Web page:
According to a report by Forbes Insights, in association with Brainshark, sales coaching and mentoring is cited as the most important role that frontline managers play, according to 74% of leading companies.

But are we really surprised?
This result wasn’t surprising considering the significant impact sales coaching has on performance. Sales reps with 30 minutes or less of sales coaching per week receive win rates of 43%, and those that receive at least 2 hours of coaching per week, have a win rate of 56% (source).

Understanding the importance of coaching is one thing. Doing it right is a different story. Even if sales managers understand the importance of coaching, they usually go about it all wrong or fail to make it the priority it should be. Many organizations offer their managers training to help them coach more effectively. However, more training on coaching does not result in more coaching by managers, for three principal reasons.

1. Over-Complicated Training Processes

complicated sales processMany sales processes are over-engineered, especially parameters surrounding coaching sessions. This results in coaching sessions having so many steps and sequences that their chances of success in practice are slim. Many sales managers feel that they have no time for coaching to begin with, let alone if the process is tedious. If a manager only has limited time per month for sales coaching, a 10-step program defined by HR and run through the corporate LMS will never be successfully implemented.

2. One Size Does Not Fit All

Coaching sessions should focus on the individual. You can’t expect to find a one-size-fits-all coaching approach if you want to see real results. Personalized coaching sessions are the way to maximize benefits, and therefore become a valuable use of a manager’s and rep’s time.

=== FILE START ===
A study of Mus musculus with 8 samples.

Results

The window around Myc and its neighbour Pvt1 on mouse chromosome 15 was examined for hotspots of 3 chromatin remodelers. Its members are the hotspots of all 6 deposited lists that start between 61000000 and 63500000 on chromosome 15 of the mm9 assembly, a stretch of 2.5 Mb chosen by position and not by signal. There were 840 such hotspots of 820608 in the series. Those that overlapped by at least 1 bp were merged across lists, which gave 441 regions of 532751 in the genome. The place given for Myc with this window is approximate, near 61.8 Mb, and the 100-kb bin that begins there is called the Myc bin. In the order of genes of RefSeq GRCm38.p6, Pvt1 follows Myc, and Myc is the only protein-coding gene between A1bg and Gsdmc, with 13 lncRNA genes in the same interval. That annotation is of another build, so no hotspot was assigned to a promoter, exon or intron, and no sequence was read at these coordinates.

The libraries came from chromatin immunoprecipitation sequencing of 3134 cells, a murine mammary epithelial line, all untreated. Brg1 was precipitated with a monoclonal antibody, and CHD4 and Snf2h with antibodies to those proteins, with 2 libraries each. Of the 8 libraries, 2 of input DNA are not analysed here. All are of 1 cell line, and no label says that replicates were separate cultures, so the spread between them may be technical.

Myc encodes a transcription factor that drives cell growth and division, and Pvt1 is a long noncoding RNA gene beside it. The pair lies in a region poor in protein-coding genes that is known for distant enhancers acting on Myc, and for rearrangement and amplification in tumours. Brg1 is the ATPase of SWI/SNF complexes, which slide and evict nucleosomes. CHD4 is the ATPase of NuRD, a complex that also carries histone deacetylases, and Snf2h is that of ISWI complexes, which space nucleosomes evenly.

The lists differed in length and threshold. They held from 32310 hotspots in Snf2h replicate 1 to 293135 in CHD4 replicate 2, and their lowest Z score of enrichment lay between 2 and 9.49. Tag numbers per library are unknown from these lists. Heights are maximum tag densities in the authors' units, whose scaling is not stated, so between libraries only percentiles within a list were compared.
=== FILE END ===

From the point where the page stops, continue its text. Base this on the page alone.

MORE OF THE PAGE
3. Lack of Flexibility

Lastly, coaching systems can be rigid and not able to adapt to each role, manager, or department’s needs. For example, if a company implements a coaching program focused on how to conduct sales calls, managers may be limited by pre-defined sales motions, call scripts, etc.. There are so many other factors that come into play that may not be easy to focus upon with a rigid coaching system – preparation and research, empathy, questioning skills, and a myriad of other things specific to the individual, team or territory. If managers are forced to” stay within the lines”, they’re most likely ill-equipped to coach in all the other necessary areas for sales success.

Sales Coaching Best Practices

To successfully implement an effective coaching program, managers need to be trained. And the coaching system needs to be relatable and useful in the context of their day-to-day job.

1. Make it part of everyday activity.

Top-performing managers use an everyday management activity such as activity tracking, forecasting and deal reviews as an opportunity for coaching rather than making coaching an activity of its own. They dig into individual deals and closely examine early-stage deals with their reps, resulting in improved performance across the team. In short, they integrate their coaching sessions with everyday life.

2. Formalize the process and use a system.

Low-to-average-performing managers have on the fly conversations, simply scratching the surface of the pipeline data with reps before moving on. These managers need to be trained to leverage conversations on larger issues to add context and structure to their coaching interactions. Furthermore, many modern sales organizations are reinforcing their sales manager training by investing in sales management systems that have built-in coaching workflows (click here to learn about things to consider while selecting a SaaS provider!)

3. Focus on what matters most.

focused coachingCoaching will only be applied consistently when it aligns with all of reps’ key activities, targeting the leading indicators of success. For instance, if a rep needs help prioritizing who to call, then his activity metrics and coaching should align with that. Avoiding the pitfalls listed above and focusing your coaching sessions on individual needs and performance will get you (and your team) on the path towards success.